Westside BBQ Changes Hands
Matteo Melosi is back, and his former partners are out.
by Catherine Zudak
From the December, 2017 issue
Westside BBQ recently hoisted a banner proclaiming it was under new management. The benign announcement concealed a lot of legal wrangling. On October 3, Matteo Melosi, the restaurant's founder, entered the tiny storefront with several Washtenaw County sheriff's deputies and his legal counsel. Everyone employed at that time was fired, including Petra Bartosiewicz, who considered herself a co-owner, and Adam Bota, who had referred to himself and Bartosiewicz as business partners with Melosi in an MLive story in September 2016.
"They told us to leave immediately," says Joe Schenke, who was working the counter that day.
Bartosiewicz hired Schenke in June to act as the general manager, but the conflict over ownership predated that. In May Bartosiewicz had filed suit against Melosi and A2q LLC, which does business as Westside BBQ. Bartosiewicz asked the court for an injunction denying Melosi access to the business. Melosi filed a countersuit demanding that Bartosiewicz turn over the financial records and vacate the premises.
Melosi acknowledges that the change in management was "pretty dramatic." He says the litigation might drag on "forever," but for now he wants to focus on making great barbecue. He's working with Aaron Peggs, another chef who loves slow cooking as much as Melosi does. The two have worked together before in other kitchens, including the Ann Arbor Country Club, where they met in 2013.
"We're cooking on apple and cherry hardwood," Melosi says. "Everything we make comes out of the smoker." That includes the cheesy potatoes and mac and cheese, as well as the brisket, ribs, and pork shoulder.
Westside BBQ opened in September 2016, following Melosi's success smoking barbeque outside Argus Farm Stop on Liberty. He asked Bota, an experienced restaurateur, if he wanted to work the front while Melosi ran the smoker. Bartosiewicz came on board as the financial manager. Then Melosi took an extended absence.
"I lost both my parents last year," he explains, "so I decided to take a trip around the world."
Melosi says while
he was gone the restaurant did a brisk business, and that's what led to the falling-out: "I'd like to know where all that money went."
Judge Archie Brown ruled in Melosi's favor for possession of the property and control of its assets, but the legal battle isn't over. Bartosiewicz filed an amended complaint in November that contends Melosi had dipped into company coffers for personal expenses. A hearing on that complaint is scheduled for March.
Tracy Van den Bergh, counsel for Bartosiewicz, says her client had understood herself to be a co-owner, investing her personal savings and a lot of sweat equity.
"She was putting in eighty-hour work weeks to get the business started," Van den Bergh says. "So the court's initial ruling was very disappointing."
Under Bartosiewicz, Westside BBQ had up to nine employees. Now, Melosi and Peggs are running it as a two-man operation.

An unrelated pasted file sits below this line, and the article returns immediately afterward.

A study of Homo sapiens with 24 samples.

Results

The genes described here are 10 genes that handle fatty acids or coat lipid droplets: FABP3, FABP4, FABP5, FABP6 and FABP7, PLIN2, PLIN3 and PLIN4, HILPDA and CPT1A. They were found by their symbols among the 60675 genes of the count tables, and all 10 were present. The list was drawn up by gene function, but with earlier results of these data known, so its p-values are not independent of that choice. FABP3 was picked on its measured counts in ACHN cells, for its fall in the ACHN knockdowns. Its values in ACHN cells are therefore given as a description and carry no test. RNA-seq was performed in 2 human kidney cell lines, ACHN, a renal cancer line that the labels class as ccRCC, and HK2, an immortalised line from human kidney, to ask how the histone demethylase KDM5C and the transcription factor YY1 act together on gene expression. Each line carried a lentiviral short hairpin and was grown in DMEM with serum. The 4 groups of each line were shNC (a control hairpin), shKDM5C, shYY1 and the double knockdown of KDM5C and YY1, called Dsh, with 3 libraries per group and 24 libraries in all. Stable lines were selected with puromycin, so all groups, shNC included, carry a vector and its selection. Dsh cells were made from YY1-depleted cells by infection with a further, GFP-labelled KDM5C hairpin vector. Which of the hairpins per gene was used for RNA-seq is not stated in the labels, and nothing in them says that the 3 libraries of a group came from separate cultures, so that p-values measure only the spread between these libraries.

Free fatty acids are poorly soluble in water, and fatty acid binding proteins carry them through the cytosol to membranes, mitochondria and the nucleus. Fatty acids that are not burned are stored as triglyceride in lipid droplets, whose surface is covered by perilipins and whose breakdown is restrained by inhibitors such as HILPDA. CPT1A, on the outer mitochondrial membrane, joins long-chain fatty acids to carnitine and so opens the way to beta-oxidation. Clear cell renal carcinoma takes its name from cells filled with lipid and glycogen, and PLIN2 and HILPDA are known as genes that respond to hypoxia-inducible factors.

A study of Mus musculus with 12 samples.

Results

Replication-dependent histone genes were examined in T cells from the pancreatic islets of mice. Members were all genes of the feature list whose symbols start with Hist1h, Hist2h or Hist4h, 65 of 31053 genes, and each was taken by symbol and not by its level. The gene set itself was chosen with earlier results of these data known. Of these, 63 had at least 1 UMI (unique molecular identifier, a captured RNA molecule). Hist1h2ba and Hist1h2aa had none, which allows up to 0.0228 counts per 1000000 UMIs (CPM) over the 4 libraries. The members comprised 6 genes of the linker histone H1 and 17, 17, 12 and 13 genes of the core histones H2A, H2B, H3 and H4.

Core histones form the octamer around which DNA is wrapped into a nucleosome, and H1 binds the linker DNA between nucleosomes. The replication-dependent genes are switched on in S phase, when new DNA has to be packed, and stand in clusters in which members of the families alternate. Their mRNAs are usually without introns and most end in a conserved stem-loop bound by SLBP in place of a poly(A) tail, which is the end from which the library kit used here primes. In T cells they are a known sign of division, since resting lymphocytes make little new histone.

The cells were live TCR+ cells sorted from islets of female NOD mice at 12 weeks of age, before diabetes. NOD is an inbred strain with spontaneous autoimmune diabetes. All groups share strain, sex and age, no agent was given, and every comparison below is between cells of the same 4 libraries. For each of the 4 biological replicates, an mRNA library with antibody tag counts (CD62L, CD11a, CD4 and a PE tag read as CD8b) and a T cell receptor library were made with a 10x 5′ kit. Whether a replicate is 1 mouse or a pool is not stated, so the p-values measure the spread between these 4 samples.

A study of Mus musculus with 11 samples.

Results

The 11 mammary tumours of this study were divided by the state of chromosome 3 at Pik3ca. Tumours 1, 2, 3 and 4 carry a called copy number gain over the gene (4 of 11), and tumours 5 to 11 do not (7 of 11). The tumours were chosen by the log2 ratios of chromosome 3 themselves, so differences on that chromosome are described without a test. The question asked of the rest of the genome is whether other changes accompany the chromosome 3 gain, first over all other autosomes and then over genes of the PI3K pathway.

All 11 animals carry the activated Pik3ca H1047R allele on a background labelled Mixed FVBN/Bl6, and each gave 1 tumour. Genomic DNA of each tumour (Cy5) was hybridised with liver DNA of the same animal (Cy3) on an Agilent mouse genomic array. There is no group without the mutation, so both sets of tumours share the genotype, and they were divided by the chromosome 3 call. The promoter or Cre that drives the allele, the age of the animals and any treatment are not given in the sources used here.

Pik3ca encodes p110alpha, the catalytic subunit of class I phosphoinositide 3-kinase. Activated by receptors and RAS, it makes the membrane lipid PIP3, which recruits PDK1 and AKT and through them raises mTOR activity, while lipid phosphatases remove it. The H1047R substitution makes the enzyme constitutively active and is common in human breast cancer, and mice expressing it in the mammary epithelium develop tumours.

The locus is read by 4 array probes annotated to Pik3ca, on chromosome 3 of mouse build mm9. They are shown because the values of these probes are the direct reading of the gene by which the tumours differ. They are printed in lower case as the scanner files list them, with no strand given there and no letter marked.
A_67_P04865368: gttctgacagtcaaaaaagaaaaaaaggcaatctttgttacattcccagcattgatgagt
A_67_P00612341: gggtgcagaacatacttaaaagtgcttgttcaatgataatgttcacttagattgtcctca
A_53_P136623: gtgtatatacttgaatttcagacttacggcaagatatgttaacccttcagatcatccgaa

"We may open more locations," Peggs says, "but they'd be two guys, like this one."
"If we sell out, we're going to close the doors," Melosi adds, "Everything we serve, we've cooked for that day. We're never going to save stuff to reheat."
Melosi rejects any suggestion that the food and service might have suffered in the transition. "We have a four, five star ratings online," he says.
Anyone is welcome to come and judge for themselves, except of course, those employees fired in October.
Westside BBQ, 108 E. Madison. 585-0806. Wed.-Sun. 11 a.m.-7 p.m (or until food runs out). Closed Mon. & Tues. westsidebarbecue.com.
[Originally published in December, 2017.]
On December 4, 2017, James Maule wrote:
I've been a part of Westside Barbecue since before it opened its doors. Melosi's posturing in this article is despicable.
Melosi fails to disclose that his absence starting in December 2016, a mere four months after the restaurant opened, was, in fact, because he was discovered using the restaurant's bank account for drawing tens of thousands of dollars in cash at casinos, spending thousands on clothes, massages, concert tickets, child support payments, personal rent expense… the list goes on. And these expenses were in addition to the $5,000 per month payment he was receiving from a struggling, upstart restaurant that was being funded by Petra's life savings.
Now Melosi would like to pretend as though he never received the life savings of Petra and never held Petra and Adam Bota out as partners to myself, his friends, and the Ann Arbor community. This type of behavior seems almost predictable for Melosi, who has conned others before and just a few years ago pled guilty to a false pretenses charge in Washtenaw County.
During Melosi's ten-month absence Westside managed to recover from the damage he inflicted and was built into a respectable and honest business that took pride both in its five-star rated barbecue and in becoming a growing part of the Ann Arbor community. The backbone of that effort was the restaurant's wonderful team of employees, who Melosi, in his first act upon returning, summarily fired without cause and subsequently failed to pay for weeks. Employees that depended on their weekly paychecks to make rent, buy medicine, and support their families were fired on the spot and had to wait weeks to receive pay which they had deservedly earned.
I was a close friend to Matteo. Now I think the color orange would be appropriate for his behavior.